Next up: “Feast of Souls” by C.S. Friedman
This is the first book in Friedman’s Magister Trilogy.
In this world, magic comes at a price, and that price is the human soul. Witches have the ability to heal disease, to influence the world around them, to change themselves even. But it comes at the cost of their lives– each spell draws death inevitably closer. Magister also have the ability to work spells… but they do not consign themselves to death to do so. Instead, they bind themselves randomly to another person somewhere in the world, and use their spirit to fuel the magic. This is the great secret of the Magisters, that they keep hidden from all but their own order, because if it were known, the world would rally against them.
There are a few main players in the plot– Kamala is a former child whore who is determined to become the first female Magister. Andovan is the prince of a powerful kingdom who falls ill with the Wasting, a mysterious disease that none but the Magisters know is caused by a Magister drawing upon the victim’s spirit. The King demands that the Magisters heal his son, and, determined to keep the truth about the Wasting hidden, they begin searching for the Magister who is drawing from Andovan.
At the same time, a danger from long ago threatens to return and destroy humanity. A corrupt advisor begins to lead the King astray, while his Queen receives premonitions of doom. Andovan and Kamala each begin their own journeys, the duo fated to cross paths.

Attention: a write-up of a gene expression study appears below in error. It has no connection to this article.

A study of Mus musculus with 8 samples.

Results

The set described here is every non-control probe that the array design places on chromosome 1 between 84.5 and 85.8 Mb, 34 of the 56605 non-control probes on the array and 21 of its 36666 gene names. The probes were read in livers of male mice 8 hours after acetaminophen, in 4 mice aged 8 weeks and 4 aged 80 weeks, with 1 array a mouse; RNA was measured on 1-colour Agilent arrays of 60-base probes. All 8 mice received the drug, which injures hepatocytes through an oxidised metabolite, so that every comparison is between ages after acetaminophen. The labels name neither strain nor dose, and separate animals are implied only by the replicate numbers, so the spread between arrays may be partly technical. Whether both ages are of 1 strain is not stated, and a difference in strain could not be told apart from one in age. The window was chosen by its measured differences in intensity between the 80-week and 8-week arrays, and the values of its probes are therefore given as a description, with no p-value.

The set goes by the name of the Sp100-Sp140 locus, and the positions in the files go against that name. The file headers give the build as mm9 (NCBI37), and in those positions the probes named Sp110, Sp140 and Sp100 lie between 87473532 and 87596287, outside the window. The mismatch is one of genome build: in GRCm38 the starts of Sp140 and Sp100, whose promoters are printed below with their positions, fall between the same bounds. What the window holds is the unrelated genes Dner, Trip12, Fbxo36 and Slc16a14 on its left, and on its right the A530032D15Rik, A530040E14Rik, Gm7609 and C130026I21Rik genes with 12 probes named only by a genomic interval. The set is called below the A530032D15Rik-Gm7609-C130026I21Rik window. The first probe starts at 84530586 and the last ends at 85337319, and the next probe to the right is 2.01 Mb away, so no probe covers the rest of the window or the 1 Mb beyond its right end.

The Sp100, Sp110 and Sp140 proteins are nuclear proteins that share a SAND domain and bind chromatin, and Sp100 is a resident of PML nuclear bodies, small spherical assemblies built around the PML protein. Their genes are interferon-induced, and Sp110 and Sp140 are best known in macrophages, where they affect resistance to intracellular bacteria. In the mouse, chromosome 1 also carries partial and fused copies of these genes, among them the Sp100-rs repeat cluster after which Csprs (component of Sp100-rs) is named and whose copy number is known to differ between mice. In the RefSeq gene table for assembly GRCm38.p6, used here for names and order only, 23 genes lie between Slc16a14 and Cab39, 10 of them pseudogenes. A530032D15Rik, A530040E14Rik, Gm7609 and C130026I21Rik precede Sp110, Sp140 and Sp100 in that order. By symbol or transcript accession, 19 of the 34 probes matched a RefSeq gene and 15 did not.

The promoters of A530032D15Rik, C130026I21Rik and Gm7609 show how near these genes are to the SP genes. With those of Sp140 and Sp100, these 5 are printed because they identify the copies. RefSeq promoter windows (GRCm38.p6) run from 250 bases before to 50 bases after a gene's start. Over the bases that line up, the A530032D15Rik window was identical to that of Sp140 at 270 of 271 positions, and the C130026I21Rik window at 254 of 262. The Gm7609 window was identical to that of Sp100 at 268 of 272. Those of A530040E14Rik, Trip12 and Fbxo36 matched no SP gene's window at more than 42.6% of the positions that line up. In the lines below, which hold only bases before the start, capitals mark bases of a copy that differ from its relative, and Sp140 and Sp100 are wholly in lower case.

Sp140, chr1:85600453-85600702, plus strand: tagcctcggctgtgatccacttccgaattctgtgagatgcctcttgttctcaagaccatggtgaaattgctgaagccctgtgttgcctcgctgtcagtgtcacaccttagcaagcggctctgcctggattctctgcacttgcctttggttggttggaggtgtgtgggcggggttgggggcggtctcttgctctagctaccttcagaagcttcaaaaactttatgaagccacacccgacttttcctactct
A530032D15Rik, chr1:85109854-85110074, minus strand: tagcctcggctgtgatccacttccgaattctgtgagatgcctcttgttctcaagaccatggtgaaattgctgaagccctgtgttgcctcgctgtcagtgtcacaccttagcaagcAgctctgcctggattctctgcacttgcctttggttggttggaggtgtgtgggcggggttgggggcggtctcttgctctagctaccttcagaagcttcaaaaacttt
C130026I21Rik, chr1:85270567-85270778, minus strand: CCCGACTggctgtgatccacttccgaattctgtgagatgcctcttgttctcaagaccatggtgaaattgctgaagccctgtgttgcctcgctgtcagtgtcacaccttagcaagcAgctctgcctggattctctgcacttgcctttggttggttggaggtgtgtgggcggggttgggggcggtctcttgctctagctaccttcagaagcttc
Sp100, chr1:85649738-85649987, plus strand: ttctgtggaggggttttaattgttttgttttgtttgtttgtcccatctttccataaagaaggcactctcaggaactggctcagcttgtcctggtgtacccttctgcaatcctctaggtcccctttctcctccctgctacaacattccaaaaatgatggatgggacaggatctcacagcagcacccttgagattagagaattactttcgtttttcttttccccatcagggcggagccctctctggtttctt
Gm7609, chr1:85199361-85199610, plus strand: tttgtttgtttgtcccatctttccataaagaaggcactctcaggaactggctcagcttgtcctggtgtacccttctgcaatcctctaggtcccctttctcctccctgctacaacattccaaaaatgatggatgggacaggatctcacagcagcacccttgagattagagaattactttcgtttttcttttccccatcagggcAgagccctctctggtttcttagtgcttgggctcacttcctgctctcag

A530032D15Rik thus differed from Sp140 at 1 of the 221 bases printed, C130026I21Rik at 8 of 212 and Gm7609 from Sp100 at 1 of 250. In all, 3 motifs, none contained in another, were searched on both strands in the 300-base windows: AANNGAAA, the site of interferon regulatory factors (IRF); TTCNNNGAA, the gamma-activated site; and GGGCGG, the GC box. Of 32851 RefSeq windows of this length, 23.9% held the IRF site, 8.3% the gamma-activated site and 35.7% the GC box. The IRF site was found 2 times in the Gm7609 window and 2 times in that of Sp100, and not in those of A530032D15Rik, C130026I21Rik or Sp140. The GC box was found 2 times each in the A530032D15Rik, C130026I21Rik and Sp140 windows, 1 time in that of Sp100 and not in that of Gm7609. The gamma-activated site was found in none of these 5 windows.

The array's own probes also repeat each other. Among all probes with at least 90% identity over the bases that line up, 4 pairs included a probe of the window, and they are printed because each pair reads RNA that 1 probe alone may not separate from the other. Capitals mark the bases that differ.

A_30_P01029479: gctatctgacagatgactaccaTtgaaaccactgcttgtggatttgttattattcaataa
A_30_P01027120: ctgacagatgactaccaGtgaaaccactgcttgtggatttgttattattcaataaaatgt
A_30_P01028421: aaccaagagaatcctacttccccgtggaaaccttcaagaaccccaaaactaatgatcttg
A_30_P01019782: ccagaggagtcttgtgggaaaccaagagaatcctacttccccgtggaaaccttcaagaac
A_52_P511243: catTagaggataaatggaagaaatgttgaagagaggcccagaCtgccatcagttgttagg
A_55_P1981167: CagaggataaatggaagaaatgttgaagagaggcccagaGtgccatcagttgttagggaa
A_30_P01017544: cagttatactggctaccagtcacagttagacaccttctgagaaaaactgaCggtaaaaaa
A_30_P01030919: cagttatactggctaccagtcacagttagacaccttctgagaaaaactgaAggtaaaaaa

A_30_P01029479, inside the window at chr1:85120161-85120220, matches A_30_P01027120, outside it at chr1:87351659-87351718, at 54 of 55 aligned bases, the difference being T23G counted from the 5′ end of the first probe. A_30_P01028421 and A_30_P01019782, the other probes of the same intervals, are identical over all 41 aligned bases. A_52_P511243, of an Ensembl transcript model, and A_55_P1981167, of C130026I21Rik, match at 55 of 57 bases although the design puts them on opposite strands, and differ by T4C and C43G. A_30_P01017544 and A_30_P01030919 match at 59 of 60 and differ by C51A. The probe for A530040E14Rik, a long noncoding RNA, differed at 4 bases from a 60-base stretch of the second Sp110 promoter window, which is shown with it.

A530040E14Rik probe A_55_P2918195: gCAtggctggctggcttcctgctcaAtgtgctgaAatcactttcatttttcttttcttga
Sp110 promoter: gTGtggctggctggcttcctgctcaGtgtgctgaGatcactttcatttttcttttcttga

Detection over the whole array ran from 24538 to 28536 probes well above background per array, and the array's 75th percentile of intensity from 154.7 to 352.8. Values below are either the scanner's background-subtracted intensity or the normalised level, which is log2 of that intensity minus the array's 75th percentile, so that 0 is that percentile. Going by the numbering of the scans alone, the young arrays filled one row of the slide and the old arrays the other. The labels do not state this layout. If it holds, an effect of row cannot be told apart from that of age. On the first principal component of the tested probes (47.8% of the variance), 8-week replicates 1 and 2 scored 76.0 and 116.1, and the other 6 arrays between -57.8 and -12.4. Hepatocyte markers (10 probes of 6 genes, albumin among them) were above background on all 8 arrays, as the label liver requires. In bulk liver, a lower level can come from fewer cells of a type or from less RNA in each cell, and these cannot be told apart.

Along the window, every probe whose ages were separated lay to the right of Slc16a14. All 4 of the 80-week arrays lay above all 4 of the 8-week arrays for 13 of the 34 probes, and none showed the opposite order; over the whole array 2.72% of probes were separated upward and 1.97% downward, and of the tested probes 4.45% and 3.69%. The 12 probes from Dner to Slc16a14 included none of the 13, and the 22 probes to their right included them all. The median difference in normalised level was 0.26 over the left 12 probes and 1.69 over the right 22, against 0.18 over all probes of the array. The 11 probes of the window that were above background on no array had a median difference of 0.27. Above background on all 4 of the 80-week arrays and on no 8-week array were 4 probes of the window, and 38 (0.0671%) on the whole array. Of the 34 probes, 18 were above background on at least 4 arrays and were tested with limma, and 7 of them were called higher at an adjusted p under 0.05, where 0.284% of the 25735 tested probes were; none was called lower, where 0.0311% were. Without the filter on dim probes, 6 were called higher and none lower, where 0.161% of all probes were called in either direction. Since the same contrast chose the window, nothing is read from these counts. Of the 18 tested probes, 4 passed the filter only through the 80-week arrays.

After reading and loving Friedman’s Coldfire Trilogy, I was really excited to begin the Magister Trilogy. Unfortunately, I found it really hard to get into the story, and after slogging through this first book, had to give it up as a failed venture. I just couldn’t connect to the story. It has a really interesting premise– such a high price for magic brings in fascinating questions of morality and ethics (if you can use one soul to power the magic to save many, is it ‘right’ to do so?). There are a lot of implications there that actually brought up a lot of my memories of the moral philosophy class I took in college. It’s really cool and really thought provoking. But I just couldn’t get interested. Maybe it was the characters? I couldn’t really find one that I really cared enough about to want to know what happens to them. I’m sure that played a part.
I also was really annoyed and frustrated with the idea that women “couldn’t” become Magisters (or it was really difficult for them, so difficult that there haven’t been any female Magisters) because they have some inherent aversion to taking a life for power (and to save their own, because failing in the attempt to become a Magister means dying). What, just because they can bear children? What a load of malarkey. Morality isn’t influenced by biology, it’s a social and cultural construct that personal experience can also shape. Gendering the subject is just ridiculous and actually kind of insulting to both men and women.
I just couldn’t do this book. Unfortunate, but there it is.
Spousal abuse and rape. Also implied sexual abuse (thanks to Kamala’s backstory as a whore).